Thursday, March 22, 2007

Understanding filter, map and reduce

Most of the computation problems that I have faced in the past could easily be solved using a mix and match of filter, map and reduce operations. These operations could be performed on any set of objects that can be iterated.

Filtering operation is one of the most fundamental operations that we perform more frequently than we think. In simple terms, we define a predicate and check if this predicate is true for each object in the set, iterating over them one by one. Whenever the predicate is true, we append the object to the output, otherwise we ignore. Consider grep tool as an example. The lines in the file(s) are iterable. If the current line is L, the the predicate is the question: "does L contain the pattern XYZ?". The output set has utmost as many elements as input set has.

Mapping is the operation of producing an output for each element in the input, by performing a function on that input. Unlike filtering, which used a predicate to check, the map uses a function. The map operation produces exactly the same number of elements as its input set. An example is printing the square of the all the numbers from 1 to N.

Reduction is an iterative operation performed on each element using that element and the partial result obtained in the previous step. So reduction operation takes two inputs: a function and an initial value to perform the computation with the first element. Reduce operation has exactly only one output.

Python provides language level support for these three operations. In C++ too you could perform these operations using a combination of remove_copy_if (for filtering), transform (for mapping) and partial_sum (for reduction).

Here comes the most interesting part of all. I claimed that most of the computation problems could be solved easily by using a combination of these three operations. Let us take an example and explore.

Example of billing a subscriber for his phone calls
Let us assume that we are receiving a huge volume of call records. We would like to calculate the monthly bill amount for user A. How would we do that? In three steps:
  1. Extract all the records for user A. (This is filtering with predicate: "is this call record for user A?")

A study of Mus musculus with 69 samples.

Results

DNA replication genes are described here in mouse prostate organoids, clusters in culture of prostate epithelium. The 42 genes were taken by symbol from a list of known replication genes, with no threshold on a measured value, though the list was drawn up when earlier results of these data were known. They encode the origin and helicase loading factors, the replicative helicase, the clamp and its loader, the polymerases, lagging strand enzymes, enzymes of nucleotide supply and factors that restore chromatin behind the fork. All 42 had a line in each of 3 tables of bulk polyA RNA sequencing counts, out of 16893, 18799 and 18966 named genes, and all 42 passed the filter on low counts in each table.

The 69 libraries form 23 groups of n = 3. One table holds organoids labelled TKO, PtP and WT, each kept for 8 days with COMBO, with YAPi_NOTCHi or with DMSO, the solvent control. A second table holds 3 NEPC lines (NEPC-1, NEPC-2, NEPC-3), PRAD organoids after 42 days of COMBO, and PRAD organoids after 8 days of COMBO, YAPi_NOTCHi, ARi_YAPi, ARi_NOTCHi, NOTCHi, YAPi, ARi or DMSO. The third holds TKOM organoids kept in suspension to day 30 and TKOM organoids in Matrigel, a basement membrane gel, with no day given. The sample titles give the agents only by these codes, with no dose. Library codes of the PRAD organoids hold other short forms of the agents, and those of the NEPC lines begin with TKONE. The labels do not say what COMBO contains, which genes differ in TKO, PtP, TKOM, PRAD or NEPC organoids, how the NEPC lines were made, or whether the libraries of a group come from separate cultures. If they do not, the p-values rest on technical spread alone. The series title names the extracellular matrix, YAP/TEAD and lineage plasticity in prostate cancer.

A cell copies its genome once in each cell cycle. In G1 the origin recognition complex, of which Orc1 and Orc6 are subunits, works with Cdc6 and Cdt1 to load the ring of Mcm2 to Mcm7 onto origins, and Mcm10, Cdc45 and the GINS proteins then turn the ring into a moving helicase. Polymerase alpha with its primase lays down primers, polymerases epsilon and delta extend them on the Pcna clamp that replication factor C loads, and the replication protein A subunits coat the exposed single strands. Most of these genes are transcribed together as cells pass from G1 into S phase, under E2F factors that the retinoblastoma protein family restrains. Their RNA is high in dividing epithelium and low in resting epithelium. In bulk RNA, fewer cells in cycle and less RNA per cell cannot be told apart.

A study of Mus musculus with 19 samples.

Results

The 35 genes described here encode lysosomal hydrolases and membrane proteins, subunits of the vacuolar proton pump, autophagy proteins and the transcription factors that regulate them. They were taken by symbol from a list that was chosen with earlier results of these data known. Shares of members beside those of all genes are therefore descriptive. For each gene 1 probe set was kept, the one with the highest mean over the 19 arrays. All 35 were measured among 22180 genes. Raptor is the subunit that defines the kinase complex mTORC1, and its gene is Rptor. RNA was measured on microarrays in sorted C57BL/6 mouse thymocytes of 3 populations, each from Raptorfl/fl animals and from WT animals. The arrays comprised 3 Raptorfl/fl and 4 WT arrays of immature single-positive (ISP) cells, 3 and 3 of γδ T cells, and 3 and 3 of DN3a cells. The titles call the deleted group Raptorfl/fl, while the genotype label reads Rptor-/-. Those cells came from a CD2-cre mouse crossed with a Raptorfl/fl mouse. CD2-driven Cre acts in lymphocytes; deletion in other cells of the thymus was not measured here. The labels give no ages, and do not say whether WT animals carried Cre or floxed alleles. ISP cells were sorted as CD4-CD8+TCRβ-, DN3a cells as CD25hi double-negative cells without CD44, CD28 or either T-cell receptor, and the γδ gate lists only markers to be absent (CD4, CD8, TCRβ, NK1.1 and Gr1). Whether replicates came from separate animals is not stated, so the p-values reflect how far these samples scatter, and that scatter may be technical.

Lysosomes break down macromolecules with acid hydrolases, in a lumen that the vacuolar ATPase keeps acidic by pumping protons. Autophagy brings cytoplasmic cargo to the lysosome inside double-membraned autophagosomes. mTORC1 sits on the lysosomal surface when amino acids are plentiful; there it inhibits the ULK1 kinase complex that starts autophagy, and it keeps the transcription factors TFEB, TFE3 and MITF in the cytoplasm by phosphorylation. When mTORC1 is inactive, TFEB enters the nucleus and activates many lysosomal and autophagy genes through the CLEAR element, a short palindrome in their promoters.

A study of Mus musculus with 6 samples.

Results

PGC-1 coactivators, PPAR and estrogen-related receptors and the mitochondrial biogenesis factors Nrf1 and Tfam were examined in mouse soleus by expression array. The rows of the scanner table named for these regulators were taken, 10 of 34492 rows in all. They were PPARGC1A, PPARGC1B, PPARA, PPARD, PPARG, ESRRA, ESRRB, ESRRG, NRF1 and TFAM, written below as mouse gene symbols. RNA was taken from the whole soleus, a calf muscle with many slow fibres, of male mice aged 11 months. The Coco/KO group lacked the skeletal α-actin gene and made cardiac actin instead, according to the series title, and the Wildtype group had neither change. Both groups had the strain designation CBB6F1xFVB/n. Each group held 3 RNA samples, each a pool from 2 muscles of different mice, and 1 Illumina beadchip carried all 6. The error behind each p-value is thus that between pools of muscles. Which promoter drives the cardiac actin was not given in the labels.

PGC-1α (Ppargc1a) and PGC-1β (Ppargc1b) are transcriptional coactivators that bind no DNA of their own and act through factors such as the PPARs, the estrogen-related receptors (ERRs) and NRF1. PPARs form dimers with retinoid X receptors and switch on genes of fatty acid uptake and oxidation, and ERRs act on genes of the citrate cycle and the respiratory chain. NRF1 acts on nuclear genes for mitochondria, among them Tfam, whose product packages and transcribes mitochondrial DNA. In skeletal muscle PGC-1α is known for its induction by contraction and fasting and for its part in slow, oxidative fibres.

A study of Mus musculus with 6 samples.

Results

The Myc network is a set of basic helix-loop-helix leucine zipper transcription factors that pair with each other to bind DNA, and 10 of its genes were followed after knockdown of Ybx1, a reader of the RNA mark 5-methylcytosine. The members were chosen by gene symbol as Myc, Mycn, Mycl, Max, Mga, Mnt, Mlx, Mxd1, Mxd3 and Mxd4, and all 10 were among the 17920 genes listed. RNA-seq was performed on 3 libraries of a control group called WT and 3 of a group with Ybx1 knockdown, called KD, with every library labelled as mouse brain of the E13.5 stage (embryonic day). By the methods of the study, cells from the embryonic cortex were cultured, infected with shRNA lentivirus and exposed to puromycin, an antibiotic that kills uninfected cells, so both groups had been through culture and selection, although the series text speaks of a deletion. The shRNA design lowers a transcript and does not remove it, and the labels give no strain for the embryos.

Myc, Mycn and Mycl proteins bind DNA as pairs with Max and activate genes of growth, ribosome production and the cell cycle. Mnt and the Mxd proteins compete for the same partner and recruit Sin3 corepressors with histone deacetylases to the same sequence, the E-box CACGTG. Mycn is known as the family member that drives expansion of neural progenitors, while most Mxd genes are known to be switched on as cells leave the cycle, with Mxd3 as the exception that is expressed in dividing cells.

2. Find the day and night time tariff rates as per the time of the call. (This is mapping. With a function that returns the call rate depending on the time of the call.) And multiply the rate with the actual duration. (Again a mapping operation.)
  3. Sum up all the charges. (Reduction with initial value of zero or may be his previous month balance)
An important this to understand is we could also perform interleaved mapping and reducing in steps (2) and (3) above. For e.g. in the above case, finding the rate, calculating the call charge and adding that to the partial charges so far could be done in the same iteration. Yet, it remains that they are map and reduce operations. Such implementation tweaks could always be done to boost the performance.

Saturday, March 17, 2007

dhclient - Obtaining IP address dynamically

Whenever you want to obtain a dynamic IP address for your Linux/Unix machine from a DHCP server, you should use dhclient utility.

Both DHCP request and responses are UDP requests. If you use a sniffer to identify the pattern of the request responses, the following is what you might see. The following was taken from dhclient running in FreeBSD 6.1.

Len SrcIP SrcMACAddr DestIP DestMACAddr Protocol
342 00:0c:29:c1:13:81 ff:ff:ff:ff:ff:ff UDP

62 00:50:56:ef:75:a8 ff:ff:ff:ff:ff:ff ICMP ping request
342 00:50:56:ef:75:a8 00:0c:29:c1:13:81 UDP
60 00:0c:29:c1:13:81 ff:ff:ff:ff:ff:ff ARP request

If you observe the source and destination (IP, MACAddr) patterns, it is easy to appreciate what happens. Here is what happens:

  1. A DHCP request is sent on the network. Both destination MACAddr and IPAddr are broadcast addresses.
  2. The DHCP server chooses and IP address to offer and confirms if the IP address it is not used anywhere else in the network.
  3. DHCP server offers the IP address to the requester.
  4. The requester sends an ARP request to register its MAC address and IP address in interested hosts in the network.
DHCP is an application layer protocol. Thats an important thing to keep in mind.